Student Voice

MC photography students showcase their meaningful art

Kelsey+McConville%2C+a+32-year-old+Photography+major%2C+straightens+out+her+photo+caption+near+her+photography.+McConville+decided+to+photograph+the+March+For+Our+Lives+in+Los+Angeles.+She+said+her+favorite+photograph+is+the+one+on+the+left+with+the+girl+on+the+man%E2%80%99s+back+because+the+intensity+in+her+eyes+is+so+powerful+to+her.+Photo+credit%3A+Emily+Nelissen
Kelsey McConville, a 32-year-old Photography major, straightens out her photo caption near her photography. McConville decided to photograph the March For Our Lives in Los Angeles. She said her favorite photograph is the one on the left with the girl on the man’s back because the intensity in her eyes is so powerful to her. Photo credit: Emily Nelissen

Kelsey McConville, a 32-year-old Photography major, straightens out her photo caption near her photography. McConville decided to photograph the March For Our Lives in Los Angeles. She said her favorite photograph is the one on the left with the girl on the man’s back because the intensity in her eyes is so powerful to her. Photo credit: Emily Nelissen

Kelsey McConville, a 32-year-old Photography major, straightens out her photo caption near her photography. McConville decided to photograph the March For Our Lives in Los Angeles. She said her favorite photograph is the one on the left with the girl on the man’s back because the intensity in her eyes is so powerful to her. Photo credit: Emily Nelissen

Emily Nelissen


“The students worked really hard on their photos,” said Professor Bill Short, the instructor of Intermediate Photography. “They all seem to enjoy showing off their work.”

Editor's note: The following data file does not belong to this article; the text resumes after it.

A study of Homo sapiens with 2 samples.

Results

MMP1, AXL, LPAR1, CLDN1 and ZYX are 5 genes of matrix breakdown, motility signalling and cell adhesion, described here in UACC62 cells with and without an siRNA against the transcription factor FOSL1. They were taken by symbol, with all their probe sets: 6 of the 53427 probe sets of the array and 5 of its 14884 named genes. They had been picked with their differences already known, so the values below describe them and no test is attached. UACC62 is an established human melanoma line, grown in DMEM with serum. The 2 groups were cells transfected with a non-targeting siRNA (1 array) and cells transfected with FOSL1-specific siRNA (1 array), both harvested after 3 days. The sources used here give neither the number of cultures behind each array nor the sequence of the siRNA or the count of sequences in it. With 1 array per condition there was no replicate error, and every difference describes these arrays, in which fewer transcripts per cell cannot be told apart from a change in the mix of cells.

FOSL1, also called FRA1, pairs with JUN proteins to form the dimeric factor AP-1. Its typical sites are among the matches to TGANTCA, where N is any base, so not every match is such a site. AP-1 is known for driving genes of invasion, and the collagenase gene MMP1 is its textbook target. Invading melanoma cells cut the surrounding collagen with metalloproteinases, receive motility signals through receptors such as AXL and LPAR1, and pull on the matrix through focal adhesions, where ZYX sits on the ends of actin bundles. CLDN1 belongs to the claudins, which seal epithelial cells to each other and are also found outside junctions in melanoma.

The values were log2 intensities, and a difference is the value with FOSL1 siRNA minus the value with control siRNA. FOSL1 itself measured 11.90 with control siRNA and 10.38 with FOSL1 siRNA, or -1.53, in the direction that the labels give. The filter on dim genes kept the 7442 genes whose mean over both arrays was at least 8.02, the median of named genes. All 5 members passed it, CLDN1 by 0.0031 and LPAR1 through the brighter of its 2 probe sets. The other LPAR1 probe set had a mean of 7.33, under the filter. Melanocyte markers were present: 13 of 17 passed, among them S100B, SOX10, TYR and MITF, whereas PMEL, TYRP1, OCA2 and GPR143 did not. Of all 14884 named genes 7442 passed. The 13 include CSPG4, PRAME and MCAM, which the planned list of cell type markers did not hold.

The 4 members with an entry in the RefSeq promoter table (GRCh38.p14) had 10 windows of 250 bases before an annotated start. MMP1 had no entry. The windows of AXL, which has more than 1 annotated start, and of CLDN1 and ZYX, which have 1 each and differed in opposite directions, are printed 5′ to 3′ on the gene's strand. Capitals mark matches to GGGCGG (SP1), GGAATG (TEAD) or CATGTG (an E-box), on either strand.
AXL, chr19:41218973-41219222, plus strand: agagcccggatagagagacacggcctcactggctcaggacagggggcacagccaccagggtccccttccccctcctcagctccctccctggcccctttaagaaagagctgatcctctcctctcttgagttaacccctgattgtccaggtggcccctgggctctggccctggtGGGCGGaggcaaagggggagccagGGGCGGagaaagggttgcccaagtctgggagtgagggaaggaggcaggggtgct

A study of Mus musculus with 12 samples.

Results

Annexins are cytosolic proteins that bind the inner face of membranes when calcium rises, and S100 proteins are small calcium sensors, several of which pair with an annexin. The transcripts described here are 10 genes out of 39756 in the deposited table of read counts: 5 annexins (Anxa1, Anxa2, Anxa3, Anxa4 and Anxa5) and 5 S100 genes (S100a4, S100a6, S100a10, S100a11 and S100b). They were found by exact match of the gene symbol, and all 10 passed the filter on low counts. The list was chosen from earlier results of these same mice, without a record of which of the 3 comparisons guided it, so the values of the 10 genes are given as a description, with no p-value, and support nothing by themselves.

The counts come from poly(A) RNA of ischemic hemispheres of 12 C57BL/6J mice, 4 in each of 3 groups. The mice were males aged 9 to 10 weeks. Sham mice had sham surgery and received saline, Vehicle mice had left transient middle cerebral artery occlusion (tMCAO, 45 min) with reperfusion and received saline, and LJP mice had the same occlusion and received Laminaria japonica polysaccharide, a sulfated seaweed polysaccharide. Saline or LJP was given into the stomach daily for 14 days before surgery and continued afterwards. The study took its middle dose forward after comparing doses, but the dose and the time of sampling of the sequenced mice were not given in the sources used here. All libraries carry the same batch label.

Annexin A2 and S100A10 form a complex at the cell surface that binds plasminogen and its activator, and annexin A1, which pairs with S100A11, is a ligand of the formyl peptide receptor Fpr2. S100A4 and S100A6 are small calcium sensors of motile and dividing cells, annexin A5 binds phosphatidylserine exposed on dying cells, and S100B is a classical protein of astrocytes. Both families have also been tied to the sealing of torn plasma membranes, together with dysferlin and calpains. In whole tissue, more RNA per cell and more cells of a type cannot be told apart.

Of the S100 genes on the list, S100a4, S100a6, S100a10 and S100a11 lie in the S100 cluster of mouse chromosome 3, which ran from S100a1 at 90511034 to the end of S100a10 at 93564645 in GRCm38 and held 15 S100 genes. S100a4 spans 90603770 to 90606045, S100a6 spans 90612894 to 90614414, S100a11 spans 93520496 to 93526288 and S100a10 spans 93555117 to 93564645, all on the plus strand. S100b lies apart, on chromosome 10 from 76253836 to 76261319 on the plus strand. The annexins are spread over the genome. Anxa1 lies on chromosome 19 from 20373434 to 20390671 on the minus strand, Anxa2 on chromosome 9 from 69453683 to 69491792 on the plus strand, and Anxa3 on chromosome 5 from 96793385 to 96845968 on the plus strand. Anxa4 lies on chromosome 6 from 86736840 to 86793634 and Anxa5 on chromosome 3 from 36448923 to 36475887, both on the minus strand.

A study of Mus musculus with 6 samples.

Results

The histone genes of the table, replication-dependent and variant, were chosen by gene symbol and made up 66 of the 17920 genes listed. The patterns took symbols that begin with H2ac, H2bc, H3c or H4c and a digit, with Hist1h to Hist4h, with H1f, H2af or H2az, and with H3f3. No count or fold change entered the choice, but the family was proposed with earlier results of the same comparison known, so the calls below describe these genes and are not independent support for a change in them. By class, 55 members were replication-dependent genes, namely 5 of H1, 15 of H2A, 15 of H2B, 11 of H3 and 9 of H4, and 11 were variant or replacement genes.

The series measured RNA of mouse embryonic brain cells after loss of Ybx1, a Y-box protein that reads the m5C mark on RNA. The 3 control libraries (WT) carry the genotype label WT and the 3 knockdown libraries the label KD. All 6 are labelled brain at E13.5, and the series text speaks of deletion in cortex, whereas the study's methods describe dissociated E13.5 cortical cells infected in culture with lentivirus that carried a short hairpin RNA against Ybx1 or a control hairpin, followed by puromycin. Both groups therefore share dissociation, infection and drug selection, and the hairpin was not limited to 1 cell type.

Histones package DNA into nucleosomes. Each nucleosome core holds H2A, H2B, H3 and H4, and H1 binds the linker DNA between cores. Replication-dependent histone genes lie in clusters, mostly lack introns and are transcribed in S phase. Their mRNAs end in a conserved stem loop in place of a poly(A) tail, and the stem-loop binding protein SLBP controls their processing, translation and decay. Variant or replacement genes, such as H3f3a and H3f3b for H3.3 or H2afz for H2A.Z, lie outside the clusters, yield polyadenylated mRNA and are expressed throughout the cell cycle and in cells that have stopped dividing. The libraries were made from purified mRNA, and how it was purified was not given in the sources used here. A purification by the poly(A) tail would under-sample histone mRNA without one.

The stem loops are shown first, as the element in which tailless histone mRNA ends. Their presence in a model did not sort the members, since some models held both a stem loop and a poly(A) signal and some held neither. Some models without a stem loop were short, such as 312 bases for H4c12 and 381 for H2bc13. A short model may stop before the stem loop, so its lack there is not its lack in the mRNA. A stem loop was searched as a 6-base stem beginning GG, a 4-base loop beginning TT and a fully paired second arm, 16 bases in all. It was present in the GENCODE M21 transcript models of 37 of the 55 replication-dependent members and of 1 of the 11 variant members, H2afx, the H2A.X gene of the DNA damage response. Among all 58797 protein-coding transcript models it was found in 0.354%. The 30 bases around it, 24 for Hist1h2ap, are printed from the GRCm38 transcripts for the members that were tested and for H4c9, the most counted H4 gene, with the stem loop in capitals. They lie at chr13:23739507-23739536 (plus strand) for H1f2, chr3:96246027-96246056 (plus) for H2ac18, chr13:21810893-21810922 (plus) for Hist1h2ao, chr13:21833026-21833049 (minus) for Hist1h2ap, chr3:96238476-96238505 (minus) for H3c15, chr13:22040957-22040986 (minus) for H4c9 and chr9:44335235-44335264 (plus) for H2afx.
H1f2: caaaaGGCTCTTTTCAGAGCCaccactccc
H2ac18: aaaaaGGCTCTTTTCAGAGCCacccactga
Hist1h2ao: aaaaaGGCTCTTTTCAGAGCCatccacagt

Short believes that it is important for the students to express what is important to them and to let others see it. He has been working at Moorpark for over 20 years, and last fall semester he introduced the idea of having a student art gallery.

Although the space could only fit around 10 people at the most, the art-filled room was constantly packed as students, family and friends came and went throughout the evening.

The Intermediate Photography students hung around their art as patrons asked about the meaning of photos.

“All of our photos represented exploring diversity, but we all showed it in different ways,” said Chris Keating, a 17-year-old Intermediate Photography student from Camarillo High School. “I wanted my photos to show the underrepresented.”

Keating says that he has found his niche in coupling his photography with literature, and he decided to combine his photos with quotes from the novel, ‘Invisible Man’ by Ralph Ellison.

‘invisible Man’ is about an African American man in the Harlem Renaissance who realizes that because of the color of his skin, society deems him invisible and therefore, underrepresented.

Keating’s photos portray a young black man with a shirt that reads “Respect” and overalls with a patch that say “The Dream,” largely meaning to display “respect the dream.”

“It’s empowering because the way that he’s standing in the photo and how he’s just looking straight at you makes you see that he’s realizing his identity,” said Keating.

This portrayal of empowerment seemed to be a common theme with other photographers as well. In fact, Kelsey McConville, a 32-year-old Photography major, decided to exhibit her photos from the March For Our Lives march in Los Angeles.

“This movement hits close to home and to my heart,” said McConville.

She expressed that her 3-year-old son will be attending school next year, and she wants him to be safe. She thought it was great that so many different people from different backgrounds came out to the march to fight for safety.

“The students photograph what matters to them, and recognizing those issues that evokes personal importance allows them to open up,” said Short.

The “Underexposed” art gallery will be continuing until April 13 in the Flamingo Gallery in the HSS building, room 129. It will also be open for students to observe on Multicultural Day on April 10.